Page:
Anett Kontaveit of Estonia reacts against Madison Brengle

Anett Kontaveit of Estonia reacts against Madison Brengle of the United States during their Women's Singles Third Round match on Day Five of the 2015 US Open at the USTA Billie Jean King National Tennis Center on September 4, 2015. Credit: Getty Images

Among all the talk of a U.S. Open roof and whether Serena Williams will break through the calendar Grand Slam ceiling, 19-year-old Estonian Anett Kontaveit has found herself in the clouds.

Kontaveit, the world's 152nd- ranked player who barged her way into the Open by winning three straight matches in the qualifying tournament last week, yesterday pulled off a third consecutive upset in the main draw.

Kontaveit knocked off 25-year-old American Madison Brengle, ranked 47th, 6-2, 3-6, 6-0, after having eliminated No. 60 Casey Dellacqua of Australia and No. 31 Anastasia Pavlyuchenkova of Russia. Next, Kontaveit will face two-time Open champ Venus Williams.

"I haven't got my head around that I'm in the fourth round," Kontaveit said. "I mean, my first goal was to qualify. Then, you never know what kind of draw you're going to get. I could've played Venus in the first round, or Serena in the first round. So I didn't really have, like, a big goal. Just try to do my best every single round."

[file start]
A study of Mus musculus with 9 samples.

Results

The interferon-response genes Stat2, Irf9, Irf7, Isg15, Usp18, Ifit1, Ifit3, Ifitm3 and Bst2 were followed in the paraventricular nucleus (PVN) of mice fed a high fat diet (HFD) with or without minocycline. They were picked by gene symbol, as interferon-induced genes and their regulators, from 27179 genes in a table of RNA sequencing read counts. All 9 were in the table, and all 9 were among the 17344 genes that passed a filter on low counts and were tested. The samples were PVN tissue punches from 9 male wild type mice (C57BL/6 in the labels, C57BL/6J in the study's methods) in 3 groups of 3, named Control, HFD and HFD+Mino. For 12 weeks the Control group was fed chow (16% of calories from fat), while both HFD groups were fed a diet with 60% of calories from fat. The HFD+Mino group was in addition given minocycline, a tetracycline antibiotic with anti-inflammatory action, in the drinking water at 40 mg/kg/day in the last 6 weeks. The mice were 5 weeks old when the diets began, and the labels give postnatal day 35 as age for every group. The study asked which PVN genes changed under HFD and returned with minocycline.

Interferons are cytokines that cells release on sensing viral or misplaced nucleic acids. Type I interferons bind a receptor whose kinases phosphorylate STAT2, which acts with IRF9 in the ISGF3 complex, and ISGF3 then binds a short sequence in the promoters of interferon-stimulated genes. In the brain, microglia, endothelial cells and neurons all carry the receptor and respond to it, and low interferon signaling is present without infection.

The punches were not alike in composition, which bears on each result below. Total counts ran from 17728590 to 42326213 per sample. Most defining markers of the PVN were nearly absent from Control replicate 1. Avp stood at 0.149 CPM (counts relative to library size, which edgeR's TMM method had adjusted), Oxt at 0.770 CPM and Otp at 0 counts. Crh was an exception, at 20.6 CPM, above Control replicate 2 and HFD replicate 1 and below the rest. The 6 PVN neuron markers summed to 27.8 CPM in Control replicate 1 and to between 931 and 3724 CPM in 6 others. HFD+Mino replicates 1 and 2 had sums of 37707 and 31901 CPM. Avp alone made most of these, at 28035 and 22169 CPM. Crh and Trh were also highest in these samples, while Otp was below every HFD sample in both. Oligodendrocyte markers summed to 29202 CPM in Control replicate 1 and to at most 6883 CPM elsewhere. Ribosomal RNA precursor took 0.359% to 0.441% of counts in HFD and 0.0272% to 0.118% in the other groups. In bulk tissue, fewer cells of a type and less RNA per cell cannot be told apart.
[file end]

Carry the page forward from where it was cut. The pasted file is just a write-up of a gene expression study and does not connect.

Only one player with a lower ranking is still alive in either the men's or women's draw -- No. 154 Shelby Rogers of Charleston, South Carolina, also a qualifier. And Rogers' chances of joining Kontaveit in the fourth round are slim; she will play No. 2 seed Simona Halep in a third-round match Saturday night.

Likely, Kontaveit said, her three qualifying matches sharpened her game and confidence. And experience in the Open's junior tournament "definitely makes it more comfortable. You've seen the place, you've been on the courts, you've hung around."

But this? A fourth-rounder vs. Venus Williams? "Not what I was expecting," she said.

Kontaveit took up the sport at 6, because her mother is a tennis coach. Against Mom, she said, "We never actually played points. I guess she didn't like running."